The Hang Fire Books Blog

The rantings of a bookdealer in Brooklyn, New York.

Monday, November 5, 2012

Curious Book Reports: The Magic Scalpel


The surface of his life was as clean and shining as new skin...Underneath however, the past opened to throb in his memory, an ugly unhealed scar...
This paperback original by plastic surgeon and self-help guru, Maxwell Maltz caught my attention because of my fascination with gruesome scenes of surgery in books and film. Thomas Pynchon's nose job in V., and the botched club foot correction in Flaubert's Madame Bovary are two of my favorites. And the post-WWI photo-documentary Plastic Surgery of the Face by Harold D. Gillies is now horrifyingly accessible on my Kindle.

Robert Graham, the main character in Magic Scalpel, is described in the Mary Sueish mode as a "rugged" plastic surgeon who looks like a "nice young, pleasant prizefighter." He has a highly successful practice and lives in a luxurious penthouse above his surgical domain. The 1960 portrait of opulence and the will-he-or-won't-he marriage plot are fairly insipid but the book's surgical detail is vivid and authentic sounding.

In the early pages of the book, Graham corrects a six-year-old's hare-lip:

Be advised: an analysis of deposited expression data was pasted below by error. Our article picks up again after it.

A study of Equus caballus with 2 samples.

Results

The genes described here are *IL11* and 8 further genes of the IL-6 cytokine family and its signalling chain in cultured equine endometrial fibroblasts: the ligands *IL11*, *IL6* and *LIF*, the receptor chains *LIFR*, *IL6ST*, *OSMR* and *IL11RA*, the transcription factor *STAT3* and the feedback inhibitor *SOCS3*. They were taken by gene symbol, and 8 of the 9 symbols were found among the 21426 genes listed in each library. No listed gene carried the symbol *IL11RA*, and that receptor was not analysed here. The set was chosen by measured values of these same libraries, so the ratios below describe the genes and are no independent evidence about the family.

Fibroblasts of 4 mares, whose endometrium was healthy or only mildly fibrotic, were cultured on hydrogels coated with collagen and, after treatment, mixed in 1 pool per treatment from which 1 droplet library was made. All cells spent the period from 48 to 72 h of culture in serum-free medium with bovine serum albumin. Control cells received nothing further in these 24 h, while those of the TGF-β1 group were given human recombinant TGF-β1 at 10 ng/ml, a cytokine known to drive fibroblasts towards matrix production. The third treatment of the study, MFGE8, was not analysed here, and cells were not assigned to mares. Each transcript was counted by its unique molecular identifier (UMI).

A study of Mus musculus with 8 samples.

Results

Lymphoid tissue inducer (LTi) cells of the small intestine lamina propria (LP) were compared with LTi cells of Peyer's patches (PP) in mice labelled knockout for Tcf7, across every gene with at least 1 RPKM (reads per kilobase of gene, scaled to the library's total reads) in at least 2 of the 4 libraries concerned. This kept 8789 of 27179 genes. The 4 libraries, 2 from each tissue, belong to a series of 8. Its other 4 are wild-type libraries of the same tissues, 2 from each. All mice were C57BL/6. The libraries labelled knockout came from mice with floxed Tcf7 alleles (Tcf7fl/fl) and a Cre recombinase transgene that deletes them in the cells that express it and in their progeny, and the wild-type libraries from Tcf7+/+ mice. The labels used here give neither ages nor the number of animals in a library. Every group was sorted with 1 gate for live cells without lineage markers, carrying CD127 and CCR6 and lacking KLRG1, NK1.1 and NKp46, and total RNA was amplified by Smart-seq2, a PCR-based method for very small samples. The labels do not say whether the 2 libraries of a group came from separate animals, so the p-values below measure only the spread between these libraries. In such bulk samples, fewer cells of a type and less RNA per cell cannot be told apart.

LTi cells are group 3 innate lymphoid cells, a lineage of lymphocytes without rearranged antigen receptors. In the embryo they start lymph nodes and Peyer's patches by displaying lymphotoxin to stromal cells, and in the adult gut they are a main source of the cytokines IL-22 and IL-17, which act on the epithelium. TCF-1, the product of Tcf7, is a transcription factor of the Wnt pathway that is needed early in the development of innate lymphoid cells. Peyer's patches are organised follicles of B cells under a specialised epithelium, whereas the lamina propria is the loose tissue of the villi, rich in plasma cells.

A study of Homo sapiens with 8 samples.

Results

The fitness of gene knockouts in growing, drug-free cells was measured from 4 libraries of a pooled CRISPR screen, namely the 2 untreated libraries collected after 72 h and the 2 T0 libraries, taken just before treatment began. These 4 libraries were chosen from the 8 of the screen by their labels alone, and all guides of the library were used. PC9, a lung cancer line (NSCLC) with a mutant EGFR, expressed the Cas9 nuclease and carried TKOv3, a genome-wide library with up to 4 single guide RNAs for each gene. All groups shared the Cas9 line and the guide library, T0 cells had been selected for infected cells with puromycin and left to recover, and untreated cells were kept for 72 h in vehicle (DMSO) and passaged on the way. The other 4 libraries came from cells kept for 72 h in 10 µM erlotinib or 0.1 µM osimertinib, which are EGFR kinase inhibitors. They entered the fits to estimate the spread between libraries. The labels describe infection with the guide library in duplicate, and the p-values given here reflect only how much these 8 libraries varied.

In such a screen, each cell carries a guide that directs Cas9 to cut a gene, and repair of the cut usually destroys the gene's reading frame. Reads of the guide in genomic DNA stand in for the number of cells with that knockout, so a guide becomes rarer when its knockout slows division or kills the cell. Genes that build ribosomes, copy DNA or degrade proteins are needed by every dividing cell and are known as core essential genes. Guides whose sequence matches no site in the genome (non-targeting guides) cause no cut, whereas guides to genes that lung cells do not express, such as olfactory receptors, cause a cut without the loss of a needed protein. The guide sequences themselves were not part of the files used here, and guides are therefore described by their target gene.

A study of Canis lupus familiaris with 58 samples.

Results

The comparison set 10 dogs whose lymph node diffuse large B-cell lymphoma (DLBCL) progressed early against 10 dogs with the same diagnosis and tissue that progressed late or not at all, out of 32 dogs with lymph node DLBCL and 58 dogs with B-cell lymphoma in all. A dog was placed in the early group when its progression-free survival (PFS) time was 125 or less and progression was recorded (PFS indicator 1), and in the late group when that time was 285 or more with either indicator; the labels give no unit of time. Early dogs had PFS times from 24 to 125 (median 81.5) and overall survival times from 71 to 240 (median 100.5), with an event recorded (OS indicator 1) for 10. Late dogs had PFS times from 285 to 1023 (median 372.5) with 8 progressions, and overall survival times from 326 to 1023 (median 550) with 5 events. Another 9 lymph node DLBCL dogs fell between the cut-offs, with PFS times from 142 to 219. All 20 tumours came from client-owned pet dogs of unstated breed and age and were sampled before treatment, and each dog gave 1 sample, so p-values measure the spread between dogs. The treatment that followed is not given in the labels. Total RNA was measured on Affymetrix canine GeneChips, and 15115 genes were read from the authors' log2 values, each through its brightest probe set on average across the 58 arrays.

It gaped at him, the rough edges curling back like a second vertical mouth....[His] blade dipped down, paring away muscle from the skin above the mouth and the mucous membrane inside.
and removes a concentration camp tattoo from a Holocaust survivor (only to present her with the marked skin preserved in alcohol).

You can see the author's body image-based self-improvement streak (that gave rise to his Cronenbergian sounding bestseller Psycho-Cybernetics) in the way the touch of a surgeon's knife places all the secondary characters on a better life path. Also in the way he draws revealing lines between "the beautiful and the almost beautiful, the ugly and the grotesque and saddest of all, the dull-as-dish-water plain."

The novel--though it barely moves for most of its brief 160 pages and ends on an odd note with the genius surgeon deprecating his specialty in favor of pure research science--establishes an interesting and surreal contrast between the dated melodramatic tone and the vivid and realistic surgical scenes.

If interested you can buy my copy here.